By maintaining a WWF gold sponsorship, we have been supporting the species protection of mountain gorillas in the Congolese Virunga National park for years. The money is spent on rangers preventing illegal poaching, on awareness campaigns and on new and more efficient stoves so that local habitants cause less harm to the species’ habitat.
Species can be saved even when they’re facing extinction. there is no planet b.
George – Our Ambassador
With a combination of strength and vulnerability, mountain gorillas are the perfect fit to our slogan “there is no planet b”. Therefore, we have appointed gorilla “George” as our ambassador. Every morning, George welcomes us at our offices in Germany, USA and Japan.
Gorillas Need Protection
The greatest threat to the mountain gorillas is human beings. The Virunga mountain massif is characterized by politically unstable conditions. Therefore, legal protection measures are often disregarded. The populations are particularly endangered by illegal clearing for mining and by the also forbidden setting of snare traps.
40 Animals More Than Previously
Despite these significant dangers, the mountain gorilla population of the has been increasing by more than 40 individuals since 2011. Today, 1,063 mountain gorillas live in the two protected areas of Virunga and Bwindi Impenetrable National Park. Even though the danger is not fully averted, this positive development clearly proofs the importance of WWF’s nature protection and conservation efforts.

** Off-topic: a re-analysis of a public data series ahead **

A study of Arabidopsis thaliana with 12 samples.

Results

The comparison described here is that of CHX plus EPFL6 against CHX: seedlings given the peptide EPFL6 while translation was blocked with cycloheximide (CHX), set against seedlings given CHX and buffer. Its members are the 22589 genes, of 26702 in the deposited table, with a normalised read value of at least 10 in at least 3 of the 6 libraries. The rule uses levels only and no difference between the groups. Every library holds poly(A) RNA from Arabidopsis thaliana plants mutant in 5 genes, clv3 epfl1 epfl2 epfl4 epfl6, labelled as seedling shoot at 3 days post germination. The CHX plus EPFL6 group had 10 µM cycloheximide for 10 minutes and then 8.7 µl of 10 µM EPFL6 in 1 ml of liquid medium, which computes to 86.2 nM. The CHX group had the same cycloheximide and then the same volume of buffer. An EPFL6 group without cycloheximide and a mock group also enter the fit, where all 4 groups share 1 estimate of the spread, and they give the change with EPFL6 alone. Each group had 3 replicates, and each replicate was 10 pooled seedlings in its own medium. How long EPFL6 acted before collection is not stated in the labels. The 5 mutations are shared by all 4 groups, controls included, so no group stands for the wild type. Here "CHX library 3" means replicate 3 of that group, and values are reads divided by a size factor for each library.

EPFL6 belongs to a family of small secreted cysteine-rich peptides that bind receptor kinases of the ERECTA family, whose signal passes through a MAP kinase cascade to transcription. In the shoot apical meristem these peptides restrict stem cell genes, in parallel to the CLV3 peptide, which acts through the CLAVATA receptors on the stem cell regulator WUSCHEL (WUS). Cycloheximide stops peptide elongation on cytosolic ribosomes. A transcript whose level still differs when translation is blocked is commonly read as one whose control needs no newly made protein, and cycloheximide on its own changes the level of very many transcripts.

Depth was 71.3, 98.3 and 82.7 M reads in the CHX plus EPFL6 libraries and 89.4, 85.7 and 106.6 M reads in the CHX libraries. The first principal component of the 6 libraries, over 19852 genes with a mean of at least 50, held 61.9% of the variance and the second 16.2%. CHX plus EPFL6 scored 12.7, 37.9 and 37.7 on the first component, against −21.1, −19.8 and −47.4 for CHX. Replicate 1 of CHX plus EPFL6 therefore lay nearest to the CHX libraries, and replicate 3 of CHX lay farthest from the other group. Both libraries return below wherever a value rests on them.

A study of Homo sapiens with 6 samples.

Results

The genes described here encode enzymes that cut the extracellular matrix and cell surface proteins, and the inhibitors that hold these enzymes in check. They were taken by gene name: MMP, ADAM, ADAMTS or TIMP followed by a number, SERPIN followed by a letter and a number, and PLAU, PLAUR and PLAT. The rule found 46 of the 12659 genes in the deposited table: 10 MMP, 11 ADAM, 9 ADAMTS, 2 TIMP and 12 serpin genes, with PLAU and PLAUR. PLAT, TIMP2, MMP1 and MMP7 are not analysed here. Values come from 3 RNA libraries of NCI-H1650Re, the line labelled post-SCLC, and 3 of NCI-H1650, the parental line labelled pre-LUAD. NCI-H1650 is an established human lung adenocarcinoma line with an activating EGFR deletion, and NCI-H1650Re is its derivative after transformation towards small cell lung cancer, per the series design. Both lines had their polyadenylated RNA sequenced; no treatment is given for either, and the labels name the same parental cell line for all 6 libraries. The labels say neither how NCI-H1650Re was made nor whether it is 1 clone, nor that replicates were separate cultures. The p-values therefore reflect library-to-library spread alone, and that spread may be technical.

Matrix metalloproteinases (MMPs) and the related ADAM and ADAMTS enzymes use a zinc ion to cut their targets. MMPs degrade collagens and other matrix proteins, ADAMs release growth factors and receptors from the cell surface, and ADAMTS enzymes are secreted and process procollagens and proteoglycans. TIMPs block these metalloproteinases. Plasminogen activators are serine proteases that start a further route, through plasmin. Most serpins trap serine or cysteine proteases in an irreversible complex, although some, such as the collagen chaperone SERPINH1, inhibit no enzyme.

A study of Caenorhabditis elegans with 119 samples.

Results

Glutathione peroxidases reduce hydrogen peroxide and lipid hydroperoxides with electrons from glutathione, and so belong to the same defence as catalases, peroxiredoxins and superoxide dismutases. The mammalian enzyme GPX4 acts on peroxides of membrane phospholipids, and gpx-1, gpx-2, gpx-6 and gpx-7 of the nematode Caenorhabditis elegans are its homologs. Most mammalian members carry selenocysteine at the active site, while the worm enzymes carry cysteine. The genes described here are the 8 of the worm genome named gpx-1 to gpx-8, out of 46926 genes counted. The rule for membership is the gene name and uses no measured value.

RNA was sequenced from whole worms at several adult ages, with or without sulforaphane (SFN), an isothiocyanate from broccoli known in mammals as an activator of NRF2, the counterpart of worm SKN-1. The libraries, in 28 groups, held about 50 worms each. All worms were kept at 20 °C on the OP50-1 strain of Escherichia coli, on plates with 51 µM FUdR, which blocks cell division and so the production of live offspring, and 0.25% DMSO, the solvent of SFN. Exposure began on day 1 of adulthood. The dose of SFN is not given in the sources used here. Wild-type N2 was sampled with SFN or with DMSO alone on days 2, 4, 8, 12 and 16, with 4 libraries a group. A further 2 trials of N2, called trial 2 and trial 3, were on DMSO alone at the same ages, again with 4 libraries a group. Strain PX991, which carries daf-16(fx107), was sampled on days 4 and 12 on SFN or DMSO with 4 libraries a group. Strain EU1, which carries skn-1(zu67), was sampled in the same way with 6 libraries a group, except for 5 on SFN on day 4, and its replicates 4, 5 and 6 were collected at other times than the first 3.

Even if the all-clear has not yet been given, this partial success by the WWF gives hope that species can still be saved when they are already on the brink. With a partnership, we continue to support the WWF in saving the mountain gorillas. there is no planet b.
“Mountain gorillas are facing a brighter future than they were ten years ago.”Dr. Arnulf Köhncke, Head of Species Protection at WWF Germany
Honoring the Officer
In 1902, German officer Robert von Beringe was on a field trip in the Virunga Mountains, a range of extinct volcanoes which border the Democratic Republic of Congo, Rwanda and Uganda. During his trip, he made the first records of mountain gorillas. Back in Germany, the Natural History Museum Berlin named the newly identified species gorilla beringei beringei in honor of its discoverer.
Vegetarian and Social Heavyweights
A mountain gorilla’s diet is mostly vegetarian consisting of leaves, sprouts, bark, flowers and fruits. Grown-up males weigh up to 200 kilograms and eat around 34 kilograms each day, whereas females usually weigh around 100 kilograms and need “only” 18 kilograms of food.
Mountain gorillas are known as social, peaceful and shy animals. Usually, they live together in groups of ten, led by one adult male. For unknown reasons, they fear water – including rain – as well as caterpillars, and chameleons.
Females are half the weight of males and eat around 18 kg a day of leaves, branches, bark, roots, flowers and fruits.